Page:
Lawsuit: Philadelphia woman had new homeowners paying for free city service

Courts Lawsuits
06252015_Gavel Brian Turner/Wikimedia Commons


State officials have filed a consumer protection lawsuit against a Philadelphia woman who allegedly scammed new homeowners in the city into paying for a service provided for free by the city. 

Inspector General Amy L. Kurland said Tuesday that the Pennsylvania Office of Attorney General filed a civil consumer protection lawsuit against Wanda D. Rogers, who allegedly operated the Philadelphia Deeds and Registry Offices — a fictitious government office.

Kurland asked homeowners who might have been victimized by the scheme to contact her office. 

A statement released by Kurland's office claims that Rogers has been accused of misrepresenting a government entity for personal gain.

The lawsuit was filed following an investigation conducted by the Philadelphia Office of the Inspector General, the Office of the Attorney General’s Bureau of Consumer Protection, the Philadelphia Department of Records, and the Philadelphia Division of the U.S. Postal Inspection Service.

Rogers sent letters to new Philadelphia homeowners offering give them a copy of their deed, if the homeowner completed a form and paid a processing fee, the lawsuit claims. 

Such a service is provided by the city at no cost to homeowners. 

“The city provides services at no cost to the public, and those services should never be misappropriated for private gain,” said Kurland in a statement. “We can’t allow people to take advantage of the public’s trust in government.”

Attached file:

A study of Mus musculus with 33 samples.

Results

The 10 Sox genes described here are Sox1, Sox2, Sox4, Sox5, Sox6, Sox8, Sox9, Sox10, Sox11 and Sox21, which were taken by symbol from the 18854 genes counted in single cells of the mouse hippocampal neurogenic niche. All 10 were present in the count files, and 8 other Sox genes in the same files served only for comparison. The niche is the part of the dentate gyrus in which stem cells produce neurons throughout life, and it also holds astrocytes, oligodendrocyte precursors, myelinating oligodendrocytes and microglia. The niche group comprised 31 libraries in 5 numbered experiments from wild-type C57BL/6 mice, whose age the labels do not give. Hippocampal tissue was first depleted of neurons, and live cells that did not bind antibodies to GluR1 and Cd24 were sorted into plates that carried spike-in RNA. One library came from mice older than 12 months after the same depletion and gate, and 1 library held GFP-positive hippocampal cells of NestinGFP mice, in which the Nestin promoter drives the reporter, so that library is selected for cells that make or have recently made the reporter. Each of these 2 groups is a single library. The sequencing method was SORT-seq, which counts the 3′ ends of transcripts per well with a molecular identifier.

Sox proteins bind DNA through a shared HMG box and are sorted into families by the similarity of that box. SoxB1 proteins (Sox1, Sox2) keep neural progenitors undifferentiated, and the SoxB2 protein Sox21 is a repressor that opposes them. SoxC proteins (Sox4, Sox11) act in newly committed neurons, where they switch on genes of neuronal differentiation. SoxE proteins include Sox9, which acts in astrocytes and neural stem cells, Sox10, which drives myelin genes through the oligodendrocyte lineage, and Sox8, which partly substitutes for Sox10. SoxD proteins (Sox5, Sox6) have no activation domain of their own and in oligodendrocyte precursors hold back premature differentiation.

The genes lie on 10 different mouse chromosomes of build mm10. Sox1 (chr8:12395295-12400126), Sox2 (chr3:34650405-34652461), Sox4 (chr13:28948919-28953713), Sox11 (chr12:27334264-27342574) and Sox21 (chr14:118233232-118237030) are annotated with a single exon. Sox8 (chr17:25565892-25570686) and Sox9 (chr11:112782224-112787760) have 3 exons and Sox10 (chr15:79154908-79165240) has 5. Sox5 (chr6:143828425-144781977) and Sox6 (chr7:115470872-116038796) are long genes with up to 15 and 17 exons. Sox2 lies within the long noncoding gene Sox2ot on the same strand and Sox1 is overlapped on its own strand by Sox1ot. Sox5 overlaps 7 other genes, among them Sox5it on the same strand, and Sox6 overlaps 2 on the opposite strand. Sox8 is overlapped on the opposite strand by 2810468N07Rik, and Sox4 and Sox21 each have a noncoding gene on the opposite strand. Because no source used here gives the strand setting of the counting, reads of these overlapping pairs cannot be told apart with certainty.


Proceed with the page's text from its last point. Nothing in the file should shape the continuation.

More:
Some of the letters sent to homeowners, the lawsuit notes, bore the seal of the Commonwealth of Pennsylvania and were signed by two fictional employees of the fake "Deeds and Registry" government office. 

The lawsuit alleges that Rogers violated Consumer Protection Law by deceiving consumers about a connection between her office and the City of Philadelphia.

In addition to restitution for consumers, the lawsuit seeks civil penalties of $1,000 for every violation of the Consumer Protection Law, and $3,000 for every violation involving consumers who are 60 years or older.

“As the official responsible for the integrity of the City’s land title records, I take matters like these very seriously,” said James P. Leonard, commissioner of the Philadelphia Department of Records, in a statement. “Left unchecked, scams like these can erode the public’s confidence in the city’s deed recording system and often disproportionately affect our most vulnerable citizens.”

The lawsuit was filed by Deputy Attorney General Nicole R. DiTomo of the Office of Attorney General’s Bureau of Consumer Protection.

Anyone victimized by this scheme is asked to contact the Philadelphia Office of the Inspector General at 215-686-1770 or the Office of the Attorney General Consumer Protection Bureau at 1-800-441-2555.